The long-term effects of a sprained ankle

Ankle sprains are one of the most common sports injuries, making up about 14% of all sports-related injuries.  People will often notice pain and weakness in the ankle for months afterwards, and if it isn’t rehabilitated properly, the ankle can be more likely to suffer repeated sprains throughout life… and the reasons why are really quite interesting!

An ankle sprain means that there has been some damage done to the ligaments that support the ankle.  Ligaments contain many nerves (called proprioceptors) that are specially designed to send signals back up to the brain, telling the balance controls in your central nervous system about where your ankle is in space.  Your brain then sends signals to the muscles around the ankle to moderate muscle tension, control ankle position, and keep the ankle stable (all of this usually happens without you even being aware of it!).

After damage occurs to the ankle ligaments, these proprioceptive nerve signals from the ligaments are disrupted, meaning your brain has less effective control over the muscle tension around the ankle, because it has less signals telling it where the ankle is in space.  This leads to muscular instability around the ankle, alongside the ligamentous instability that occurs as a result of the ligaments being stretched or torn.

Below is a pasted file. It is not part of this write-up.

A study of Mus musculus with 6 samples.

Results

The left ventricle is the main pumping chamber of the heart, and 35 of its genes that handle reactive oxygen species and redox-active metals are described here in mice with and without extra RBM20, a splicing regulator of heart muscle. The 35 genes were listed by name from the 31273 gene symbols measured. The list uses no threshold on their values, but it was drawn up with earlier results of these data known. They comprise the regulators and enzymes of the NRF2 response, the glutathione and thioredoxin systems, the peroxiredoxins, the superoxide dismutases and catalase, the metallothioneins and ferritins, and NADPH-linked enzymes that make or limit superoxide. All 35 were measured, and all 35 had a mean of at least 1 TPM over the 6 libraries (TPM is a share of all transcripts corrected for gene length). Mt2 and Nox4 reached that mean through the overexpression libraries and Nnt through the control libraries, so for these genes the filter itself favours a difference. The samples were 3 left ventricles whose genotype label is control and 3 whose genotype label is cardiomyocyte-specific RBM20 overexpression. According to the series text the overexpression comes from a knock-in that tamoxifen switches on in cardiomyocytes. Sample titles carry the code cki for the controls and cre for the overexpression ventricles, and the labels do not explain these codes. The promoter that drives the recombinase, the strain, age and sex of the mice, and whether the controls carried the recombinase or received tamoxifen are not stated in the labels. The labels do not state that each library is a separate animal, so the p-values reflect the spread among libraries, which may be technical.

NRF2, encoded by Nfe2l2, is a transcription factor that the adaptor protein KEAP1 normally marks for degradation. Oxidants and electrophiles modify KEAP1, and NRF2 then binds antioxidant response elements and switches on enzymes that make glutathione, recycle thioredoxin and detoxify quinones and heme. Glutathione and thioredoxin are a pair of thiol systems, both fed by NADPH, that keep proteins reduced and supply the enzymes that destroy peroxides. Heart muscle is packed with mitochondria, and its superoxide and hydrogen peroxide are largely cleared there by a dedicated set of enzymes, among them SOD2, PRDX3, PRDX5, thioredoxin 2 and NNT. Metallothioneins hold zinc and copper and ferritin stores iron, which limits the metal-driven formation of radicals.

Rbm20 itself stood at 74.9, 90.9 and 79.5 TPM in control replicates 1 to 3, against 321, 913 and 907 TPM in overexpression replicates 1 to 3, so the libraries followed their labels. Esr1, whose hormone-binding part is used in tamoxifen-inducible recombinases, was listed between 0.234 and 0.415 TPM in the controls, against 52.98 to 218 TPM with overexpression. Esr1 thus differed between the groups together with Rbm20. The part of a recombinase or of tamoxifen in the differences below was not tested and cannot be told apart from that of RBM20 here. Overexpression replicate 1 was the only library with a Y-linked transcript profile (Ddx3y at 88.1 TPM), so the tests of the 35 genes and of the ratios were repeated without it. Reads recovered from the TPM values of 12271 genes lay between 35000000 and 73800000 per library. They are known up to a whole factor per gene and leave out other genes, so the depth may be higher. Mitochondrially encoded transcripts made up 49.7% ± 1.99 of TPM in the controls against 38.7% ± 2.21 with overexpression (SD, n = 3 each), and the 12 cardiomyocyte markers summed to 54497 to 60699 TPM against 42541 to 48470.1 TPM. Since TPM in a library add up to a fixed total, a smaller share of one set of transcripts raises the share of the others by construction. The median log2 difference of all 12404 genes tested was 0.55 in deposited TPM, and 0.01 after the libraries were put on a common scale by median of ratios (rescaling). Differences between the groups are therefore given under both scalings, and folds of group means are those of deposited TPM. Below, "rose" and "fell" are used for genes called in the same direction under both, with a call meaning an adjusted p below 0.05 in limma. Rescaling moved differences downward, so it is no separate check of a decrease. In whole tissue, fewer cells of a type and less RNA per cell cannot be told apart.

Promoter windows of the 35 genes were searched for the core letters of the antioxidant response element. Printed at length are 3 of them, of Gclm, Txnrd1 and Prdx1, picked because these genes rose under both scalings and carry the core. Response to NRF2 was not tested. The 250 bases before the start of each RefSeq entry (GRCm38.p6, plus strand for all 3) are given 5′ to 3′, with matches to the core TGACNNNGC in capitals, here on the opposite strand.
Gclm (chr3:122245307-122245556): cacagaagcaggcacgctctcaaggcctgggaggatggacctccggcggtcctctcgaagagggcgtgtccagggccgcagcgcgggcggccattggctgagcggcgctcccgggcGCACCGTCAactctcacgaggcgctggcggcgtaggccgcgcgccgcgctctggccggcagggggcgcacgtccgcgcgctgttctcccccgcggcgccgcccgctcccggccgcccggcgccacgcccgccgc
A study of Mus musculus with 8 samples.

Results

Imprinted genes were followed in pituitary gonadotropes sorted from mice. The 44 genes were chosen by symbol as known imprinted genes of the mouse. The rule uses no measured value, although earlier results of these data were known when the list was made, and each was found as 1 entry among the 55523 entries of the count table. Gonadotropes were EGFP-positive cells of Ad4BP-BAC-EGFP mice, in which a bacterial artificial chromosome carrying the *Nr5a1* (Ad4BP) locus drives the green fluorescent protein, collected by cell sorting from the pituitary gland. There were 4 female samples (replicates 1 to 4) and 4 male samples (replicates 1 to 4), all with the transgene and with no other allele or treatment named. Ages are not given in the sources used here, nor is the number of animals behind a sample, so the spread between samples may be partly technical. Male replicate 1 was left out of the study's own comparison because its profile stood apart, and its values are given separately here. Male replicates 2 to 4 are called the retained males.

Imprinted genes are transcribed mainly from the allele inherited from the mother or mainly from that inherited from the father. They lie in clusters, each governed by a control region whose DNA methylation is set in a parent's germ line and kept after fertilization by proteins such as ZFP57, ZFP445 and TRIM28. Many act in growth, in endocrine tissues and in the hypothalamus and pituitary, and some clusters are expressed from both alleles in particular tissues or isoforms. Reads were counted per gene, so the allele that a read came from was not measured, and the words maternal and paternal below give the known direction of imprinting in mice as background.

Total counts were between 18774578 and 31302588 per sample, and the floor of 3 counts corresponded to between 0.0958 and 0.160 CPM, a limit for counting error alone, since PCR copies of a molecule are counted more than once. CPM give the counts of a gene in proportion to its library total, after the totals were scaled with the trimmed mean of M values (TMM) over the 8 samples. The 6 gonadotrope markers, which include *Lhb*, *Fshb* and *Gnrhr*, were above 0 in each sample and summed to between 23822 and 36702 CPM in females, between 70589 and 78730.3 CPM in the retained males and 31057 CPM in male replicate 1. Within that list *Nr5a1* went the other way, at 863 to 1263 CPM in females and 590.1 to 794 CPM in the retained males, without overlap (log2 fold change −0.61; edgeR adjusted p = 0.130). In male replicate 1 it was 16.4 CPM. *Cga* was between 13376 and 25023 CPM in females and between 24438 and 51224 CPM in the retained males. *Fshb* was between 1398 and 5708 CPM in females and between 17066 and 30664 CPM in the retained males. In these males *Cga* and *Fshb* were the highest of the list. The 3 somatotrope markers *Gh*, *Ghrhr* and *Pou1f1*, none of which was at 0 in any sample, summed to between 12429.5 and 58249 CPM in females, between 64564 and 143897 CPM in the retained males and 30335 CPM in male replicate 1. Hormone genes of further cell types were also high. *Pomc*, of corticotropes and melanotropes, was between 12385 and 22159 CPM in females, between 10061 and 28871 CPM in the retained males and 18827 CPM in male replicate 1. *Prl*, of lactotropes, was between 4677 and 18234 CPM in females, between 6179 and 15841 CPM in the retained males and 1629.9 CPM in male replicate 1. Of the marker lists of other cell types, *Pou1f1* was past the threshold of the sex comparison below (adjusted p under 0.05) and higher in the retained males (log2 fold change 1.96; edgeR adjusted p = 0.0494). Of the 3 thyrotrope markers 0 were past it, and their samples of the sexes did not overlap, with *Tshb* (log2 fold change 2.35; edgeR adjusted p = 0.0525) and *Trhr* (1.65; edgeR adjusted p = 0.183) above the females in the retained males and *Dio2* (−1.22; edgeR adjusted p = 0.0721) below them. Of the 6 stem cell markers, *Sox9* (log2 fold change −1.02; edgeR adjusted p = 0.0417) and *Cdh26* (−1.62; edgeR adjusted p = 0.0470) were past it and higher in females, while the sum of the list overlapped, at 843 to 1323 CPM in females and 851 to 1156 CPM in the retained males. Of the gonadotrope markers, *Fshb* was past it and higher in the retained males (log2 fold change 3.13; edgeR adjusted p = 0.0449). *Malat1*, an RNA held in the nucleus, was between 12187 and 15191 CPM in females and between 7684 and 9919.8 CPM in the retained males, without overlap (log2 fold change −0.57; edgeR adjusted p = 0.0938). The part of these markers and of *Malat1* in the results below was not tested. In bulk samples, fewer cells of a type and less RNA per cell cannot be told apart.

Osteopaths can help in a number of ways following an ankle sprain.  We can show you exercises designed to re-build the nerve pathways from ankle to brain.  We will make sure the ankle and foot are moving as well as possible and will assess and address any problems that come up elsewhere in the body as the result of the ankle injury or any limping or altered weight-bearing that you may have been doing as a result of ankle pain.

Ankle sprains may seem fairly minor injuries, but they can have profound effects throughout the whole body.  With some guidance and a good rehabilitation and treatment plan, we can get you back to doing what you love!